How to Test a Drysuit for Leaks

Updated March 28, 2017

A dry suit isn't really dry if it leaks. Dry suits provide a watertight seal to divers, rafters, sea kayakers or others involved with water based activities. Testing a dry suit for leaks is possible either at home with a bathtub or at the beach with a few extra minutes and an assistant.

Fill the bathtub with water. Cold water is fine if you do not wish to use the energy for hot water.

Wrap the rubber bands around each ankle gasket -- the black rubber piece at the bottom of each leg on the dry suit. Wrap rubber bands at each wrist gasket -- the black rubber pieces at the end of the dry suit arms. Then wrap the neck gasket -- the black rubber neck collar -- with a rubber band. These rubber bands are not water tight, but prevent most leakage into the suit.

Dunk the suit into the bathtub water holding the wrists, ankles and neck just up above the water surface. Hold the suit in the water for five minutes. Watch for any air bubbles coming up from the suit. When noticed, pull the suit out of the water and circle the areas where the air bubbles originated so you can repair the small holes causing the leaks.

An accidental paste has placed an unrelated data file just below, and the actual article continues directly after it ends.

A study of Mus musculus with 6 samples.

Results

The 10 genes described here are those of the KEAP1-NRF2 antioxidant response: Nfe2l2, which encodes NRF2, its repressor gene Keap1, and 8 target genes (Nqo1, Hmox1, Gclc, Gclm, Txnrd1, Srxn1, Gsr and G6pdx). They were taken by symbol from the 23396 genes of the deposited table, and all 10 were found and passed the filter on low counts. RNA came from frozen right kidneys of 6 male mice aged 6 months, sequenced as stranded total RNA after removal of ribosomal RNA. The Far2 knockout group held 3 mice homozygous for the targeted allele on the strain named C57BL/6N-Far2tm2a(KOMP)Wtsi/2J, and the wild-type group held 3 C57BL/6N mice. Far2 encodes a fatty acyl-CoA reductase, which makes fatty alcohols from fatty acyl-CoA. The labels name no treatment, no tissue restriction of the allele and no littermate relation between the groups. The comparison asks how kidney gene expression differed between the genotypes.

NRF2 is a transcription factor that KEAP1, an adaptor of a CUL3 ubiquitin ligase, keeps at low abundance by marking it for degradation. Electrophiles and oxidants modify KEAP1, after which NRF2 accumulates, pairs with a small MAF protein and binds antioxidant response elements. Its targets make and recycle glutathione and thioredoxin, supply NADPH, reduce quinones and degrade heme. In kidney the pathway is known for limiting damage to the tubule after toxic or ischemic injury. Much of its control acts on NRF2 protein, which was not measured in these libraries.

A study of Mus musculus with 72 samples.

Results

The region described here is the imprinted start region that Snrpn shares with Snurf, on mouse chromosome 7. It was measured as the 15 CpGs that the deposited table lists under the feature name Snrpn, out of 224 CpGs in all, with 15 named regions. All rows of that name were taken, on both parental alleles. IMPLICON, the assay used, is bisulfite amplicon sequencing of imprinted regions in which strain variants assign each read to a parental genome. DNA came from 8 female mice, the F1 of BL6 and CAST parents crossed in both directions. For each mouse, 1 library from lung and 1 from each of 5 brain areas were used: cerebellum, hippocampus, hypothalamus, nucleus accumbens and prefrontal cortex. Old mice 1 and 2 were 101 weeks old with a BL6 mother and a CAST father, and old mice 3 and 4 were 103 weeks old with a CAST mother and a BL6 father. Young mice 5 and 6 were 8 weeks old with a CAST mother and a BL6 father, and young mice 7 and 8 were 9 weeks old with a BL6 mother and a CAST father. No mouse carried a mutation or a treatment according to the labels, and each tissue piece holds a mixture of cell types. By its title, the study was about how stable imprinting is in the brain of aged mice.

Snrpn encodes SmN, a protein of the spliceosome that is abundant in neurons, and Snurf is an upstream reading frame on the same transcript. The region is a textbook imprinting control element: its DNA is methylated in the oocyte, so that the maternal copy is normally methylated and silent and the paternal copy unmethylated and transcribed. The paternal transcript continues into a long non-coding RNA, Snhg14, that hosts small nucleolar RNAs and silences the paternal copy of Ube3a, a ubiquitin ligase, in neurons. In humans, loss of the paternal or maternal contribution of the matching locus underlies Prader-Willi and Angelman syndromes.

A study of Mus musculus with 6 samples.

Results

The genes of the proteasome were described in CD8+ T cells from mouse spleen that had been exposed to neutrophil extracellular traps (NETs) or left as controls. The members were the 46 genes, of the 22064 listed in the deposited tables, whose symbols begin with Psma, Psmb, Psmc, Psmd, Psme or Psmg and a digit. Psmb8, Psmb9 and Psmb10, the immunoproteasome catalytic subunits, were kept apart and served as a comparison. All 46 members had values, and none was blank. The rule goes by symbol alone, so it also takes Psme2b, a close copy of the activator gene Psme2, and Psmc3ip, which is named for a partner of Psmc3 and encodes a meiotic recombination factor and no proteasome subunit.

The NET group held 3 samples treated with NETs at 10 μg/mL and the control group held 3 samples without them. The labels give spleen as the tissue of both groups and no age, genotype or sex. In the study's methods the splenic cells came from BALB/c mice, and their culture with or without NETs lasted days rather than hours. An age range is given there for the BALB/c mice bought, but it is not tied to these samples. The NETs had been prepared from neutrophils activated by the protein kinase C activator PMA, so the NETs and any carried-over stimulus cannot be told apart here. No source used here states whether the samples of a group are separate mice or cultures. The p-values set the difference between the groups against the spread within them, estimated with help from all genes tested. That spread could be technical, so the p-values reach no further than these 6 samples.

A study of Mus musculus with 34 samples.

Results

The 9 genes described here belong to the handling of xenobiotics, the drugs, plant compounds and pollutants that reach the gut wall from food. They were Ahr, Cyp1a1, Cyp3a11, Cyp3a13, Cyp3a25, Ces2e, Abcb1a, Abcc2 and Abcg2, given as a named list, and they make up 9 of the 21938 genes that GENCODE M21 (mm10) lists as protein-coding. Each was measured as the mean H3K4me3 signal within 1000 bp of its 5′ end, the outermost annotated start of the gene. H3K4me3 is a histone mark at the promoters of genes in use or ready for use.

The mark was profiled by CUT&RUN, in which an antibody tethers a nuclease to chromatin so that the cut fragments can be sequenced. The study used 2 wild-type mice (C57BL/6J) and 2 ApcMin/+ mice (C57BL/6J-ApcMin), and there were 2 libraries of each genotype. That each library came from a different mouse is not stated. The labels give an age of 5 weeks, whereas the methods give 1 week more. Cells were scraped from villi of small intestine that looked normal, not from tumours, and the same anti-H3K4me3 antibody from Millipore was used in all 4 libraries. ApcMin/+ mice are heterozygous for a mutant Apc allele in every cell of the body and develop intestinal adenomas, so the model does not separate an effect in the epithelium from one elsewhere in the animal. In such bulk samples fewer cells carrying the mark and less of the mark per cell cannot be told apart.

Put the dry suit on.

Enter the water up to waist height. Bend over and sit on the bottom of the water. Reach up and pry the neck gasket from your neck and allow the water pressure to force out any excess air from the dry suit. Sit back so your head and ankles are out of the water but your body is submerged.

Have the assistant watch for air bubbles rising up from the suit. If possible, have the assistant wear a diving mask and snorkel so he can watch underwater to spot the air bubbles rising form the suit.

Make the assistant circle the spots on the dry suit where the air bubbles originated.

Things You'll Need

  • Bathtub full of water
  • Five extra large rubber bands
  • Washable marker

A former Alaskan of 20 years, Eric Cedric now resides in California. He's published in "Outside" and "Backpacker" and has written a book on life in small-town Alaska, "North by Southeast." Cedric was a professional mountain guide and backcountry expedition leader for 18 years. He worked in Russia, Iceland, Greece, Turkey and Belize. Cedric attended Syracuse University and is a private pilot.